The calculus of major power projects in India banking on coal from Indonesia seems to be going horribly wrong.
The Indonesian government has, in an order, decided to link the price of coal exported from the country with a benchmark based on international prices of coal.
To boot, the new rule will be applicable retrospectively to all contracts.
Mining companies will have to modify all their old contracts by September 23, 2011, the Indonesian government has said.
That puts currently operational plants of Tata Power (the Mundra ultra mega power project in Gujarat), Adani Power, (also in Mundra), JSW (in Ratnagiri, Maharasthra) and Lanco Infratech (Udupi) in the line of fire because most of their feedstock comes from Indonesia.
At an analyst call recently, Tata Power said if an exemption is not got from the Indonesian government, coal prices for Mundra would go up by $30 or around Rs1,340 per tonne.
To keep the cost of production low at Mundra, Tata Power
had purchased a 30% stake in two thermal coal mines and
trading companies of Bumi Resources of Indonesia for $1.1 billion in 2007.
Tata Power, Adani Power and JSW officials could not be reached for comment over the weekend.
The new coal price benchmark is an average of monthly prices from four coal indices that include the Indonesian Coal-price Index or ICI, the Globalcoal Newcastle Index, the Newcastle Export Index and the Platts-1 Index, the Indonesian government has said.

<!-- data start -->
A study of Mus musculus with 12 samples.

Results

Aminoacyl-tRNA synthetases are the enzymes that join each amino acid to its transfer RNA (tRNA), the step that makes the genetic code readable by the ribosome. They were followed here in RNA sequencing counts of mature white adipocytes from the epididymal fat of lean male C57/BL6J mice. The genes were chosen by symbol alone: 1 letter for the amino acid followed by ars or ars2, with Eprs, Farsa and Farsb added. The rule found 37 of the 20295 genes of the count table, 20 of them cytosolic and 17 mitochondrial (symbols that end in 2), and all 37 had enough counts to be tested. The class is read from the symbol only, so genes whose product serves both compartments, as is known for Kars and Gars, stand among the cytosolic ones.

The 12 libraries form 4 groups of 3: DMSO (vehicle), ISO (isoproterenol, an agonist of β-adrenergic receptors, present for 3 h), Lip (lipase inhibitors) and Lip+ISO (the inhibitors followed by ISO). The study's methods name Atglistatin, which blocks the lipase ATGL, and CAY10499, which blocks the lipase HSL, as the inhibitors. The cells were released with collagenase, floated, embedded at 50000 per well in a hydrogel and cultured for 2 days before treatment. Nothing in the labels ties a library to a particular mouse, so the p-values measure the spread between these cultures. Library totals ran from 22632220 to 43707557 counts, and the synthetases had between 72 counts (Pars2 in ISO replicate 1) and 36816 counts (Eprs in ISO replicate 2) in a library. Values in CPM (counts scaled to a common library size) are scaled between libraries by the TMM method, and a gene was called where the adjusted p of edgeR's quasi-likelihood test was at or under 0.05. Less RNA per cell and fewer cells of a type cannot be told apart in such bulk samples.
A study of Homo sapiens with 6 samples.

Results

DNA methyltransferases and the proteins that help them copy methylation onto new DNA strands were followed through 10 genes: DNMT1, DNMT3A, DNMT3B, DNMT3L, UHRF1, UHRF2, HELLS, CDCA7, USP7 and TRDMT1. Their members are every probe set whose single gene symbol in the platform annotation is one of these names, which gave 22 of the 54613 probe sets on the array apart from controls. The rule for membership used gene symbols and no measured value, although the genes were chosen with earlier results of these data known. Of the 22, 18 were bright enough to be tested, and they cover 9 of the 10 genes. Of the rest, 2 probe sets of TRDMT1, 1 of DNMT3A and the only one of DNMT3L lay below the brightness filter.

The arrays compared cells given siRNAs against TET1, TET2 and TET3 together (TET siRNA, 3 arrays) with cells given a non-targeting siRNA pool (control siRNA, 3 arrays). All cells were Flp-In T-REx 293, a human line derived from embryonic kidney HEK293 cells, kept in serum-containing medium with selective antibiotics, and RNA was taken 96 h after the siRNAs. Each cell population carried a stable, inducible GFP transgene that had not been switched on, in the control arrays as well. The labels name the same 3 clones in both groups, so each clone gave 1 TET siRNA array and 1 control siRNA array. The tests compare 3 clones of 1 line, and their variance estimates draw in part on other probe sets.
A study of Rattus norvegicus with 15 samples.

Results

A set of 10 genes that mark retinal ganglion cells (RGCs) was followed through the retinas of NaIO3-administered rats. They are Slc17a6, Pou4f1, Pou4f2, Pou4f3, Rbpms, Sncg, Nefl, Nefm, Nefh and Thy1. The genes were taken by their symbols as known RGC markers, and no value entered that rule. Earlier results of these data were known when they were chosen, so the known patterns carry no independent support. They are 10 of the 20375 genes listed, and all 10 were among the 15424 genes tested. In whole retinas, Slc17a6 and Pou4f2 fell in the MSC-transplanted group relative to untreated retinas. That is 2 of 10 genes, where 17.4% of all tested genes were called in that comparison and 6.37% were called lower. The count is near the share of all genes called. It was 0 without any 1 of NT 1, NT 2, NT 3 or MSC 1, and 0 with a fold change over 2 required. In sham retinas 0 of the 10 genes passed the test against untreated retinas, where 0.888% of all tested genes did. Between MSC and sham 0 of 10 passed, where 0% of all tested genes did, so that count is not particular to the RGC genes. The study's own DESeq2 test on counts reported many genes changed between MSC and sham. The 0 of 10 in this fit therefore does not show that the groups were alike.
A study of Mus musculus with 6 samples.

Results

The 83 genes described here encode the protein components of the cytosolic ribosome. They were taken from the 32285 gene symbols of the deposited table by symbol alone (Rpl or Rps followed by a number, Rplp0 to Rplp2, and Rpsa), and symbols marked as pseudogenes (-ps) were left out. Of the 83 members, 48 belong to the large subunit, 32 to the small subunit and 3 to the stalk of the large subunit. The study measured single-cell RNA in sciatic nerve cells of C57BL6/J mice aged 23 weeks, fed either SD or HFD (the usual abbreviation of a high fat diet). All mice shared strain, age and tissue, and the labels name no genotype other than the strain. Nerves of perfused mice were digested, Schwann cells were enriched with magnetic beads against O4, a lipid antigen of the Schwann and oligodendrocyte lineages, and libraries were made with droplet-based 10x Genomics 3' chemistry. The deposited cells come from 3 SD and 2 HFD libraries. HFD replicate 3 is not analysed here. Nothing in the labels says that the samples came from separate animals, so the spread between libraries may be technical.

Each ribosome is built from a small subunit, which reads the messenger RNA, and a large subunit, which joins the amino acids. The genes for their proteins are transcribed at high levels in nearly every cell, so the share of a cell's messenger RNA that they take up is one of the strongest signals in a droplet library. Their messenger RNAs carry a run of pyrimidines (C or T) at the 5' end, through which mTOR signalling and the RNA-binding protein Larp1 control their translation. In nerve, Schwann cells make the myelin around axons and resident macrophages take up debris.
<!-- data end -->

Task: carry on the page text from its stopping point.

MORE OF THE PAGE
Adani Power, which has long-term supply agreements and mining rights in the Bunyu Island of Indonesia, will also be severely affected since 70% of the requirements at Mundra is met with imported coal.
Adani was recently denied domestic coal linkage by the government for the current fiscal because of shortage.
The ministry of power has decided to not give coal to power plants based on more than 30% imported coal.
The 4,620 mw Mundra plant currently produces power from two 660 mw units.
According to an analyst with a domestic brokerage, Adani was buying coal from Indonesia at around $36 per tonne free on board (f.o.b) mother vessel. With the new rule, the landed price of coal is likely to go up by about 10% for Adani.
Indonesian coal had been traditionally sold at a discount of around 15% compared with fuel from Australia and South Africa.
“The overall implication would be complex to assess as it will depend on individual companies’ import content, proportion of non-regulated supply and the extant bid on escalatability of coal prices,” said the analyst who did not wish to be named.
Merchant power sales are price-sensitive, and while sellers may take some hit on their margins, overall volumes could certainly dip, he said.
“For other power companies too, the impact will vary in degrees, but would be negative for all those importing coal from Indonesia. Already Indian buyers are seeking other supply sources in Australia and Africa,” he said.
Kuljit Singh, partner, infrastructure practice, Ernst & Young, said the Indonesian government’s decision “will push up prices immediately and will affect the viability of those power plants in India that had assumed that coal will be available to the them at lower than market price”.